Pension costs, meanwhile, are up significantly, in large part because investments by the city’s two pension boards have underperformed expecta- tions.Experts have raised red flags about the city pension program before.In a stinging report last month, Moody’s blasted Miami for ballooning pension and healthcare spending. The rating service warned that the combined costs could account for one-third of total spending by 2017 unless leaders make sweeping changes.
Ordering beer at a baseball game is as American as apple pie. So is forking over a small fortune for beer at a baseball game. Eight dollars for a Bud Light draft at Miami Marlins Park.
“It’s kind of weird,” says Shane Marinelli on his first visit to the new stadium. “I’m used to, like, $3 pitcher nights and like dollar beers and stuff. But I have no choice, you know, this is — this is expensive.”
Marinelli, a student at Florida Atlantic University in Boca Raton, works part time at a sporting goods store. An $8 dollar beer soaks up a nice sized swig of his paycheck.
Journalist and professor Madeleine Blais contemplates a move back to South Florida for a job teaching as a visiting professor at Florida International University. As part of her employment paperwork, she’s asked to sign an oath of loyalty to the state of Florida. As a journalist, this kind of thing makes her suspicious. She reflects on her previous years in Miami as she contemplates signing the oath and moving back:
Experts say the city of Miami will face ‘a battle every year’ unless its leaders address structural problems with the budget. Hobbled by unimaginative leadership, passive management and petty political gamesmanship , the city careens from one budget shortfall to the next without fixing its fundamental fiscal problems.
Among the city’s chief issues, according to experts: spending beyond its means, ballooning pension costs and failing to generate new revenue. Policy analysts say politics and poor decisions have made matters worse.
An era is ending at Miami City Ballet. In addition to the resignation of its founding director Edward Villella, his wife Linda is stepping down from her post at the helm of Miami City Ballet School on August 31st.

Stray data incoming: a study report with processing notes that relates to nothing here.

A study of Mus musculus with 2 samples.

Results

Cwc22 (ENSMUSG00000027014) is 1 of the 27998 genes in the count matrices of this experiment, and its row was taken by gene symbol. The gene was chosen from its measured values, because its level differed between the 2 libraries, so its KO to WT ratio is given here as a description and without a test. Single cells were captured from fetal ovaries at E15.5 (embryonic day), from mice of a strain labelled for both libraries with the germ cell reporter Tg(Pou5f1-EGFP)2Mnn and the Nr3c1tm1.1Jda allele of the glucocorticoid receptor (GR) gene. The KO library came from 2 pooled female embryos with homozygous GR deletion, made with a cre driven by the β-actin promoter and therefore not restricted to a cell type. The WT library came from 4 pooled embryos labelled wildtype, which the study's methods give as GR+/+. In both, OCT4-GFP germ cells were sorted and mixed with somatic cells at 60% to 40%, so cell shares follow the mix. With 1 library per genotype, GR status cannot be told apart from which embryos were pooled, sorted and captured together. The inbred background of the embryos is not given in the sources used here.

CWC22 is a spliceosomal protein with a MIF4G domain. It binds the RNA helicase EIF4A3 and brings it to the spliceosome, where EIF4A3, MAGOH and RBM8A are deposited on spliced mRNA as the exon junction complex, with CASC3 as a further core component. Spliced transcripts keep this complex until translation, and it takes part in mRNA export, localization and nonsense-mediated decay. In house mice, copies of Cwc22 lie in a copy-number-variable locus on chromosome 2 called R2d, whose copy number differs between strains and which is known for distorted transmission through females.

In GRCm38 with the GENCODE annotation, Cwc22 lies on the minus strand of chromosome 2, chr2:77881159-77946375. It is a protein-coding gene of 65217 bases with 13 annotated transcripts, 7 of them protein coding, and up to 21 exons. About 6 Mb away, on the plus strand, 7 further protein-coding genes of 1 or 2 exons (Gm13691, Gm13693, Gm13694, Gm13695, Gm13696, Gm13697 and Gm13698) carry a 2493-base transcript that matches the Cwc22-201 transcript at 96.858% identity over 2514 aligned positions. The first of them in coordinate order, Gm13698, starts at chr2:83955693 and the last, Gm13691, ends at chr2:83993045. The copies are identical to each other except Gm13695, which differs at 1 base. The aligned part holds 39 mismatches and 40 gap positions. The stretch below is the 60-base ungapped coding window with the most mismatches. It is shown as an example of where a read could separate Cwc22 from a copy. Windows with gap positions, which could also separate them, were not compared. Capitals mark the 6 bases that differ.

A former professional ice skater, she never intended to immerse herself in the ballet world and follow her husband’s artistic pursuits. The idea sprung from her desire to create a ballet school for her daughter, Crista. She wanted a ballet school closer to her husband's Miami Beach company.
Luc Cohen's story on the Moise/Wilson race for the 24th District seat.
The upcoming Democratic primary for Florida’s 24th Congressional District pits relative political newcomer Dr. Rudolph Moise against longtime politician and current 17th Congressional District Rep. Frederica Wilson.
The 24th District – new, from the 2012 redistricting – stretches from downtown Miami through Overtown and Little Haiti all the way to Miramar. It’s roughly the same stretch that Wilson currently represents as the 17th District.
The disco craze that took the world by storm nearly 40 years ago was born in New York City, right?
A theatrical experience celebrating 1970's disco comes to the Adrienne Arsht Center tonight. And while it’s hundreds of miles away from the streets John Travolta struts down in “Saturday Night Fever,” it turns out Miami played a major role in the disco craze.
The NBA Finals have turned the nation’s attention–and cameras– toward Miami and Miami Beach. As the Miami Heat try to clinch the finals, Jordan Melnick wants to remind us all that there’s more to Miami than South Beach. It all started with these words by LeBron James: “In this fall–this is very tough–in this fall I’m going to take my talents to South Beach and join the Miami Heat.”
Jeremy Glazer writes about that weird liminal space between high school graduation and supposed adulthood. It’s set against the backdrop of Key Biscayne. Glazer is a Miami native who lives and writes on Miami Beach. He can be reached at email@example.com.
Click on the player above to listen to Glazer’s latest work of original fiction.
The songs you heard in this piece were “Aurora” and “Comienzos” by Miami band Arboles Libres.
UPDATE June 6, 2013 14:43 p.m.: (AP) Esther Williams, the swimming champion turned actress who starred in glittering and aquatic Technicolor musicals of the 1940s and 1950s, has died. She was 91.
Williams died early Thursday in her sleep, according to her longtime publicist Harlan Boll.
Following in the footsteps of Sonja Henie, who went from skating champion to movie star, Williams became one of Hollywood's biggest moneymakers, appearing in spectacular swimsuit numbers that capitalized on her wholesome beauty and perfect figure.